Creating an estate plan is important, whether you have significant assets or not. It generally makes your life and the lives of your loved ones easier, even years after you are gone. However, there are circumstances where failing to update your estate planning documents in Florida would be akin to not having them at all. Here’s how.
A change in your circumstances
It’s normal for your circumstances to change over time, such as getting married or divorced, having children, acquiring new assets, etc. If you wish to reflect these changes in your estate plan, it is essential to ensure that you update all of the documents accordingly; otherwise, the court will render them invalid.
Failing to meet Florida’s requirements
The rules change from time to time and so it is up to you to ensure that all of your estate planning documents are up to date with current state laws. What to keep a keen eye on are taxes and inheritance laws.
If your doctor gives you a diagnosis that would significantly affect your well-being, you may need to also make accommodations for the expenses that may come with that. For instance, you may need to update your documents to include provisions for a caretaker or to designate a guardian in the event of incapacity.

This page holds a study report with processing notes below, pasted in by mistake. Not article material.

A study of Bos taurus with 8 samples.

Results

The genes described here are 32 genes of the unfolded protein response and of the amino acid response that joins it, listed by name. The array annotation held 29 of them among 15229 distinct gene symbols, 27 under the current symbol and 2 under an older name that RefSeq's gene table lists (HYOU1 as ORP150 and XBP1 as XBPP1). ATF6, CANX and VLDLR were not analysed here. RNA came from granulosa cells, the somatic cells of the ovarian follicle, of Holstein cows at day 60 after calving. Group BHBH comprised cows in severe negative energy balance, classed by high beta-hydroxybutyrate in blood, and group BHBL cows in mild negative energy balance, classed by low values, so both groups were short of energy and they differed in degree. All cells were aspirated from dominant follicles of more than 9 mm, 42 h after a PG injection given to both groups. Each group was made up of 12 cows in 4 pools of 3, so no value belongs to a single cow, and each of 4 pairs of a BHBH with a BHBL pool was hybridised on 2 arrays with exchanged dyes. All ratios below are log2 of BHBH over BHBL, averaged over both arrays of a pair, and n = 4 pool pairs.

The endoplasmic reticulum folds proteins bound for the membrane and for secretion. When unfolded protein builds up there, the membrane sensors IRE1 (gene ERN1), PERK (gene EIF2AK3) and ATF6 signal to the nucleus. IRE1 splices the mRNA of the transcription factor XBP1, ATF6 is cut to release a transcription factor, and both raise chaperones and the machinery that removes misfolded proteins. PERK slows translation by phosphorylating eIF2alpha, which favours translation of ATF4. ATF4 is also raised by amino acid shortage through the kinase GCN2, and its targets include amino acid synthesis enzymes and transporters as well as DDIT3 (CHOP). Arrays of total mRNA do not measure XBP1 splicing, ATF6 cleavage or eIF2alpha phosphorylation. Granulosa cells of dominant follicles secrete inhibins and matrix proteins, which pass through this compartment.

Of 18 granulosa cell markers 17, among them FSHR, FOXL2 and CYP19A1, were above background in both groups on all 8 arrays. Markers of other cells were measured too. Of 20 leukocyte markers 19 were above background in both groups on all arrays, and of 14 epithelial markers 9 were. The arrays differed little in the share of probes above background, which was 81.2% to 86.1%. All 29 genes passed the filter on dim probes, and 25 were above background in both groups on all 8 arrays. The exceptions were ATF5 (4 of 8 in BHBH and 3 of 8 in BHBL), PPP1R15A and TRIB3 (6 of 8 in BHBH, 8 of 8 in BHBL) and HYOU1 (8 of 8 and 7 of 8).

Change in preferences
Sometimes, your preferences or those of your loved ones change, and you need to include these changes in your estate plan. For instance, if you wish to leave something to a charity, instead of an individual, update all the relevant documents.
If you have relocated to Florida from another state, you must ensure that all your estate planning documents follow the state’s laws. Otherwise, your estate could incur additional fees or penalties when your executor is distributing assets.
Reviewing and updating your estate plan periodically is essential to ensure that it reflects your current circumstances and remains valid. Not doing so may cause serious distress to your loved ones should anything happen to you.